Increased quality of life
Expression of feelings and emotions (both verbally and nonverbally)
Facilitate feelings of personal meaningfulness
Minimization of physical distress
Alleviation of terminal agitation/restlessness
Decrease emotional distress
Decrease feelings of isolation/rejection
Increase feelings of closeness, acceptance, and intimacy
Increase range of coping mechanisms
Decrease nausea and vomiting
Increase perceived quality of life
Gain a sense of spiritual support
Resolve family conflict/relational stress
Increase self esteem/self acceptance
Assist family members/loved ones in their interaction with patient
Provide bereavement follow up
Regain a sense of control
Music Therapy Relaxation Techniques (MTRT)
Songs as a life review stimulus
Use of nature/environmental sounds
Planning memorial services with music
Music and massage
Leaving legacy through musical gifts (song collage, patient written songs, etc.)
Patient Progression in Hospice Music Therapy Program
Referral: the music therapy program is referral based; only referred patients will be seen by the music therapist. Any member of the interdisciplinary team can refer a patient for a music therapy evaluation. This is done when a Music Therapy referral document is filled out by the team member and then given to the music therapist. A clinical reason for the referral must be included in the document.
Evaluation: the music therapist will complete the evaluation form which includes the patient’s musical background, his/her psychological and cognitive status, his/her response to music, and the expressive ability of the patient. The music therapist will identify the patient/family/caregiver’s need(s) and devise treatment goals to fulfill that need(s).
Treatment Planning: the music therapist designs therapeutic interventions to meet the need(s) of the patient set within his/her strengths, culture, and faith. Live music is usually used since research shows that it is more beneficial to the patient.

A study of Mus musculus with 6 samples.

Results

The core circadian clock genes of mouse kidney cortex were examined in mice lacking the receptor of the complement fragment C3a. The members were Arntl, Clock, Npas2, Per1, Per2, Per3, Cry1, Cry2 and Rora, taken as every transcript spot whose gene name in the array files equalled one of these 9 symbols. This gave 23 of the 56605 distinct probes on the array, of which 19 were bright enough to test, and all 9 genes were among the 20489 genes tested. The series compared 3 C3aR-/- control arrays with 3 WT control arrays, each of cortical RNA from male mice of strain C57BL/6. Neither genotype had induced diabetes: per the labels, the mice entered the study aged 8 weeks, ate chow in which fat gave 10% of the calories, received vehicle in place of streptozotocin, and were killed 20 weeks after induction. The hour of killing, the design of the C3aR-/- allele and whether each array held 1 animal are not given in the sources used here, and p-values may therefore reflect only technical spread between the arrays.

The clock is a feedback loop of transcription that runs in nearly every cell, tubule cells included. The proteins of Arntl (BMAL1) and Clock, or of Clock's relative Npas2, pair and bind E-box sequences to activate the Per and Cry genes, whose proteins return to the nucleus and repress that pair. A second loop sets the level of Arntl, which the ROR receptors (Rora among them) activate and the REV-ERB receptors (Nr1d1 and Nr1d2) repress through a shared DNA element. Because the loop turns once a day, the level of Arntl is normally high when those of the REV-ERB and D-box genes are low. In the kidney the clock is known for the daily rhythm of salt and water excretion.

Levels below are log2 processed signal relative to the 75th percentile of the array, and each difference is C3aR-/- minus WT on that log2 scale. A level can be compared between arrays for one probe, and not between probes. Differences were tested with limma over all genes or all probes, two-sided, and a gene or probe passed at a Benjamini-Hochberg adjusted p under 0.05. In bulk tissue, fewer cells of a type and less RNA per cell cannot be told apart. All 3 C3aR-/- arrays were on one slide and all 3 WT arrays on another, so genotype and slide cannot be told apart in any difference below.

Implementation and Evaluation: the music therapist will implement the treatment with a frequency that would be most beneficial for the patient and reevaluate to ensure that music therapy continues to be an effective form of treatment for the patient.
Documentation: each intervention is documented at the conclusion of each session, referencing the patient’s physical status and observable, measurable outcomes of the music therapy intervention(s). Music therapists are trained to document the patient’s positive response to the music therapy while also showing decline related to his/her illness.
Services Offered by Music Therapy:
Individual music therapy sessions
Procedural support music therapy
Family music therapy sessions
Group music therapy session (ie. bereavement, staff support, etc)
Staff support: the music therapist on the interdisciplinary team will give the other members of the team access to different services for their patients as well as provide direct staff support.
Libraries: collections of musical references (CD’s, books, sheet music, research, etc) and instruments can be developed for use by families, staff, and volunteers.